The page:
As part of President-Elect Trumps daily tweets this past week he stated:
The United States must greatly strengthen its nuclear capability until such time as the world comes to its senses regarding nukes.
In his 140 character tome he proposes maintaining a status quo of the mythology of nuclear deterrence and self-assured destruction (SAD) or a “coming to senses” of the nuclear states. As President of the United States, he will have a significant role to play in determining which path is followed. He can lead us further down the road toward nuclear annihilation or lead us at long last to nuclear abolition and a world free of nuclear weapons.
Nuclear deterrence is indeed a myth propagated for 71 years since the beginning of the nuclear age. Rather than deterring a nuclear arms buildup, it is instead the greatest driver of the arms race as each time one nation has a new weapon, technology or expenditure then all adversaries must match and exceed that number. We are on the verge of a new nuclear arms race robbing a proposed trillion dollar expenditure from our basic human needs to rebuild our nuclear arsenals over the next 30 years. I am certain this is not the jobs program that President-Elect Trump has in mind.
This proposal ignores the latest scientific studies showing that nuclear weapons are far more dangerous than we previously appreciated. In a scenario evaluating one of the greatest nuclear hotspots on the planet a regional nuclear war using 100 Hiroshima size weapons, amounting to less than ½% of the global nuclear arsenals, could result in the killing of up to 2 billion people on the planet from the climate change and global famine that would follow - a suicide bombing the likes of which the world has never seen. Civilization as we know it would end as these climatic changes would last over the next two decades.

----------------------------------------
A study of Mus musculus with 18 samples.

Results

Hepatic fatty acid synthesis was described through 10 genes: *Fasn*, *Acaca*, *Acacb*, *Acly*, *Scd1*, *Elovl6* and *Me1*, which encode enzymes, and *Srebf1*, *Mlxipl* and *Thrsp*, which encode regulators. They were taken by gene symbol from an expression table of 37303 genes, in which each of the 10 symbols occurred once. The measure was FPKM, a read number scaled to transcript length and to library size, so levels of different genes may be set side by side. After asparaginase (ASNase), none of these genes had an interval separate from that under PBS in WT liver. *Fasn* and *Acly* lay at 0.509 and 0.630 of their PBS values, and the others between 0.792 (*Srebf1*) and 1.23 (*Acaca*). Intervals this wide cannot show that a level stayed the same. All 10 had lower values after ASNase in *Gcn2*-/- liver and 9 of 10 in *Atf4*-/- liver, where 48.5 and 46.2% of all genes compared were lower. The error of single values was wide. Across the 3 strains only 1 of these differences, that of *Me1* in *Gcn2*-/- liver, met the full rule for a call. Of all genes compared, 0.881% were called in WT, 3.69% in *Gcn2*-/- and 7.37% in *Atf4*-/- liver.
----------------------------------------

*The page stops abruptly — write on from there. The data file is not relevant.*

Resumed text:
Any nuclear exchange by the nuclear superpowers would be far more devastating. The use of the nuclear weapons remaining after the New Start Treaty is fully implemented next year would most likely cause the extinction of the human race.
These facts were totally ignored throughout this year’s presidential campaign allowing candidates and even President-elect Trump to give lip service that nuclear weapons are very dangerous. The candidates were never asked if they even knew of the consequences of using nuclear weapons and under what circumstances they would actually propose using them in this game ending scenario. As though playing a game, the candidates were given a free pass card. President-Elect Trump continuously posed questions throughout the election season from “why we couldn’t use the weapons since we had them” and “why shouldn’t more nations be allowed to have them” in addition to avoiding answering whether he would use them in the Middle East and Europe.
This nuclear famine scenario is one that does not have to be. There is an alternative. Recognizing the non-survivability of nuclear war and refusing to be held hostage any longer by the nuclear powers, the non-nuclear nations of the world, the world medical associations and much of civil society including the International Red Cross have long “come to their senses”. Led by 123 nations representing a majority of the world’s population a nuclear weapons ban treaty will be negotiated at the United Nations this next year. This treaty will ban nuclear weapons just as every other weapon of mass destruction, from chemical to biological weapons and landmines have been banned. Finally, the deadliest of these immoral weapons will be outlawed. From that point forth only pariah nations acting outside the realm of international law will continue to maintain nuclear arsenals. We invite President- Elect Trump to join this effort in leading the charge.
Mr. Trump has an affection for greatness when it comes to his vision. He can either be the president who saves us from the greatest humanitarian and public health threat of nuclear war or he can lead us to the greatest feat of any president – that of nuclear abolition. The world and ultimately the fate of mankind awaits with apprehension his decision.